The Story: "In 1980, in New York," explains Jane Jay Costner, "I met a man who promised me he would change my life, if only I’d let him. The deal was this: he’d tell me anything, anything, as long as the information went unattributed, as long as no one knew he and I had any real relationship." That man, an acclaimed writer twice her age, seduces the naive 21-year-old Harvard graduate with his success, his overweening self-confidence, and his meticulous guidance on all things in good taste. But when a mysterious woman with a startling secret shows up at the Chelsea brownstone Jane shares with her lover, she must choose between passion and autonomy.
Scribner. 102 pages. $10. ISBN: 9781439168691

Miami Herald 4 of 5 Stars
"At barely more than 100 pages, Walks With Men is as succinct as a text novel and better written by far. ... She’s not averse to delivering a good time, and clearly she’s having fun here. Even at Jane’s expense." Ellen Kanner

San Francisco Chronicle 4 of 5 Stars
"With its taut telling of a frequently inexplicable and ill-advised romance, and its abrupt, mysterious conclusion, it shares qualities with some of Beattie’s iconic short stories, including the setting of Manhattan in the early 1980s. Yet this novella is a deceptively complex work, one that touches on the intricate strangenesses of friendship and marriage, and of life in that indulgent period." Sylvia Brownrigg

Boston Globe 3.5 of 5 Stars
"Walks is a matter not of sadder and wiser but colder and wiser. Kafka’s over-quoted phrase calls literature the ax used to chop at our frozen interior; Beattie’s ax--or Jane’s, who is largely her alter ego--is itself frozen. Her story is told not as ground encounter but aerially, from a predator drone whose remote target is herself as well as Neil." Richard Eder

Columbus Dispatch 3.5 of 5 Stars
"While her novels sometimes ramble, Beattie carries off the length of a novella with skill, concentrating her story down to its essence without losing its many razor-sharp details. Walks With Men looks back at a lost time from the point of view of someone still stunned that she could have made such mistakes." Margaret Quamme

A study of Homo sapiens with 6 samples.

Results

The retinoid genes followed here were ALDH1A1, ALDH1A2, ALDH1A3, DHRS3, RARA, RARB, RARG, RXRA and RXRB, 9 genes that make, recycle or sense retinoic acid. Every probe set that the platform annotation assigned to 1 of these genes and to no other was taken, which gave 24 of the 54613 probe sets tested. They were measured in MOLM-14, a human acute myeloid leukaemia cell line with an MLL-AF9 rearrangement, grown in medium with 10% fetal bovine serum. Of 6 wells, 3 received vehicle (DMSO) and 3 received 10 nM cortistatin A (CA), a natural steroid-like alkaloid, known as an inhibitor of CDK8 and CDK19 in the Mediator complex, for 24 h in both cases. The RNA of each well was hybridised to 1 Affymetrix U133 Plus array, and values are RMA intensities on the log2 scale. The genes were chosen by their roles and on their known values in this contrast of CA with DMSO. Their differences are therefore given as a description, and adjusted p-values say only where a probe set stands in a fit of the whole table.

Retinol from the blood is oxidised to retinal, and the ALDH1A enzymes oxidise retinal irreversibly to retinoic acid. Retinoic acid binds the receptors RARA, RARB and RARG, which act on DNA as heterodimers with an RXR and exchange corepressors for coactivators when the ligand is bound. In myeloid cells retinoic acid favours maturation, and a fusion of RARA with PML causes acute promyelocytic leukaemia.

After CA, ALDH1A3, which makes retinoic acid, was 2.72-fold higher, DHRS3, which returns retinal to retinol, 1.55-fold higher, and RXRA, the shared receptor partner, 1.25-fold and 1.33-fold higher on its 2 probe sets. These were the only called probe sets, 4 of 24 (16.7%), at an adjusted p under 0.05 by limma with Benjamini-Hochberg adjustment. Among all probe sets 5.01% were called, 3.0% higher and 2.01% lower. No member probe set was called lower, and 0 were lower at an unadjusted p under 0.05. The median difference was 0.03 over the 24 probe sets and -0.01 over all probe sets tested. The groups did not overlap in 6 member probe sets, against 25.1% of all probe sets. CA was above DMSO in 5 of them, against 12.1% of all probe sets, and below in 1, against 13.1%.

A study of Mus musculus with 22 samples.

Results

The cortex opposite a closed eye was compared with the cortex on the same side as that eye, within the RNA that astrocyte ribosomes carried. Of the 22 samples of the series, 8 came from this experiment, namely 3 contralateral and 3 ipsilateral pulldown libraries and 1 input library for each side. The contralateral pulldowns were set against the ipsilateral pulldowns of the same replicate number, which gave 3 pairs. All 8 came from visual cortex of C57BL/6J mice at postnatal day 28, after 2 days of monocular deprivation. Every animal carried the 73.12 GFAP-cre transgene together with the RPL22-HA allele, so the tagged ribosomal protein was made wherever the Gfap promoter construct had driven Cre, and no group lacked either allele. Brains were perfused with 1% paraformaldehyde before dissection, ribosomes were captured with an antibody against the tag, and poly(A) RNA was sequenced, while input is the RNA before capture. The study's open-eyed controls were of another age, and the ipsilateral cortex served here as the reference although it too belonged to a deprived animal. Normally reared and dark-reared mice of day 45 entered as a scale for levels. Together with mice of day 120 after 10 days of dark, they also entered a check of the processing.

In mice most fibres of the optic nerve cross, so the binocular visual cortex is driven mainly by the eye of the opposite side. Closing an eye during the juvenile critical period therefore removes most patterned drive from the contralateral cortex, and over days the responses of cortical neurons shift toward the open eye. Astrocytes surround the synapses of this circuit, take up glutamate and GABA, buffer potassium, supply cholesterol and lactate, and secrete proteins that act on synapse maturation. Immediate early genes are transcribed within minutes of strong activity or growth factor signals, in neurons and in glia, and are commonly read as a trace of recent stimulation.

Houston Chronicle 3 of 5 Stars
"Beattie kneads her material, lets it rise, kneads it again, playing with layers of memory, points in time and tricks of the heart, just as you’d expect of a writer of her considerable skill. It’s possible to admire the writing without loving the characters." Kyrie O’Connor

New York Times 2.5 of 5 Stars
"In Walks With Men Ms. Beattie seems to want to give Jane this sort of retrospective outlook on her life, using her excursions into the third person ... to illuminate both her own need for detachment to understand her life, and the alchemy of the fiction-making process. Unfortunately, Ms. Beattie doesn’t fully commit to this perspective, refusing in the end really to delve into Jane’s psyche and resorting in the volume’s last few pages to a hasty summary of events and an anecdote from later in Jane’s life that may or may not have anything to do with what has gone before." Michiko Kakutani

NY Times Book Review 2.5 of 5 Stars
"Given Jane’s passivity and her reluctance to look deeply into her own heart, it is disappointing not to get more of the kind of surface topography in which Beattie specializes. Beattie’s short stories can be richly textured and studded with cultural detritus, but here, except a cameo by Rollerina, or a Champagne-drenched book party that Woody Allen almost attends and Harold Brodkey leaves after a brief appearance, we get a kind of generalized 1980s New York." Jay McInerney

Critical Summary

A hybrid of the minimalist style she pioneered forty years ago and the more evocative stories she has produced more recently, Beattie’s new novella drew mixed reviews. Detractors panned the detached, camera-like record of events, claiming that the lack of depth rendered her characters passive and prevented readers from empathizing with them. On the other hand, the Miami Herald praised Beattie for "kick[ing] away all the scaffolding of psychobabble and pathography and let[ting] the story tell itself." Admirers also praised her sharp sense of humor and "amazing gift for presenting a complete story in out-of-sequence fragments" (Miami Herald). Walks With Men, though flawed, will entice readers with its haunting tribute to the naivete of youth.